A start-up fashion line needed physical shelf space for its collection of 12 crowd-sourced hat and apparel designs.
What we did:
- Multi-Channel Strategy
- Ecommerce Implementation
- Package Design
- Branding Identity
MakerWear has a bold presence and a strong following. We needed to make sure that tone was aligned across platforms, so we created a brand book that set the direction for any ads, collaborations and websites.
Before a physical space could be acquired, (human)x built a new, branded website for MakerWear. The new web presence introduced fans to the heart and soul of MakerWear’s brand character.
Big, bold imagery and a tone of revolution spoke to MakerWear’s target audience. Close, tight product shots and witty artist bios established a much-needed credibility.
Finally, our simple product finder told shoppers where to go to join the MakerWear revolution.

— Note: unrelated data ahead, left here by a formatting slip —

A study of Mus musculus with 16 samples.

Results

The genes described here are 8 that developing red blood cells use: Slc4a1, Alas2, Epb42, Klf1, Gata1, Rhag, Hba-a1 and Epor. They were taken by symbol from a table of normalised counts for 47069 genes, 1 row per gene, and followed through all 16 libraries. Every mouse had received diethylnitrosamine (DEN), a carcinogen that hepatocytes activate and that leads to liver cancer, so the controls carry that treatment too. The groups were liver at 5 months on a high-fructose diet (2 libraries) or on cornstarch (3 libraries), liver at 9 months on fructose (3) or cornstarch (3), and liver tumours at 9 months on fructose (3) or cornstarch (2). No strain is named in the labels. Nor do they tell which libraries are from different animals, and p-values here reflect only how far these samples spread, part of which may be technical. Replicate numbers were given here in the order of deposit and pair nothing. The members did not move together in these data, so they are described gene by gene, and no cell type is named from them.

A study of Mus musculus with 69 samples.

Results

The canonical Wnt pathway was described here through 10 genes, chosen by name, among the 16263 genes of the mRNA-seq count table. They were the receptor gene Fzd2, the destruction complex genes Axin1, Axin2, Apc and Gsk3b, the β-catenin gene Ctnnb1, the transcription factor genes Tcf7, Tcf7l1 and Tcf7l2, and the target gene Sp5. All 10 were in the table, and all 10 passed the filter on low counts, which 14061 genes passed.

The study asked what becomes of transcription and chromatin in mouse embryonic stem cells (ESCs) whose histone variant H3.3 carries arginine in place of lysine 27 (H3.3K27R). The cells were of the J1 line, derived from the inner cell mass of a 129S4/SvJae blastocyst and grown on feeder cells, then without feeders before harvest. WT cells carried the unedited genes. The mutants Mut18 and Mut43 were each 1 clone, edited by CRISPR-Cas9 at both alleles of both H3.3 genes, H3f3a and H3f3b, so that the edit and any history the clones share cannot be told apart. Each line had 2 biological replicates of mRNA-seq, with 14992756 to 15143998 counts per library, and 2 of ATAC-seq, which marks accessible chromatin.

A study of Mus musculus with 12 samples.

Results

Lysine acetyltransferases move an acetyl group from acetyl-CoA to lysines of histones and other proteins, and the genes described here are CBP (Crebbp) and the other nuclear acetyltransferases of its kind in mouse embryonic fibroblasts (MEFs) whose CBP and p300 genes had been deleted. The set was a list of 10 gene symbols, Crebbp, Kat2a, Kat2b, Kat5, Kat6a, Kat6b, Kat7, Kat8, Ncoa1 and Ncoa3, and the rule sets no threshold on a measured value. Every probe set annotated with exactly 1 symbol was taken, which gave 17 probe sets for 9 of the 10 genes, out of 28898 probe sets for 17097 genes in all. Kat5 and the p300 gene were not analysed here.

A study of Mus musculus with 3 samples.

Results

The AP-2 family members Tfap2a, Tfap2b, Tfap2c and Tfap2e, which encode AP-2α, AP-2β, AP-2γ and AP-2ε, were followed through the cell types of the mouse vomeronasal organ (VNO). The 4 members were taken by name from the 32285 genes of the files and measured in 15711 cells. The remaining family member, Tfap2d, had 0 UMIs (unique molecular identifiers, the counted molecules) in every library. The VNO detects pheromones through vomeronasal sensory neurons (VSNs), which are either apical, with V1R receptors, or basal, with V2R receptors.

Video - Target Commercial
Supporting digital video helped us tell the MakerWear story in three unique, but unifying, chapters.
With such a strong rebrand, we came up with a social and PR strategy that would release the new brand aesthetics to the masses.
Blogger + Influencer Outreach
Influencers are the new celebrities. That’s why we enlisted 22 powerful bloggers to style MakerWear apparel and share their unique creations with their audiences.
The overall goal for MakerWear was to receive physical shelf space. Target wanted to reclaim lost market share in men’s fashion. Target applied for MakerWear’s “curated crowd-sourcing of pop-culture” model to other apparel – bathing suits, bags, houseware and more. With those items, we landed nationwide placement in Target stores.
MakerWear also received in-store opportunities in other stores and boutiques besides Target. Each store had their own unique MakerWear experience.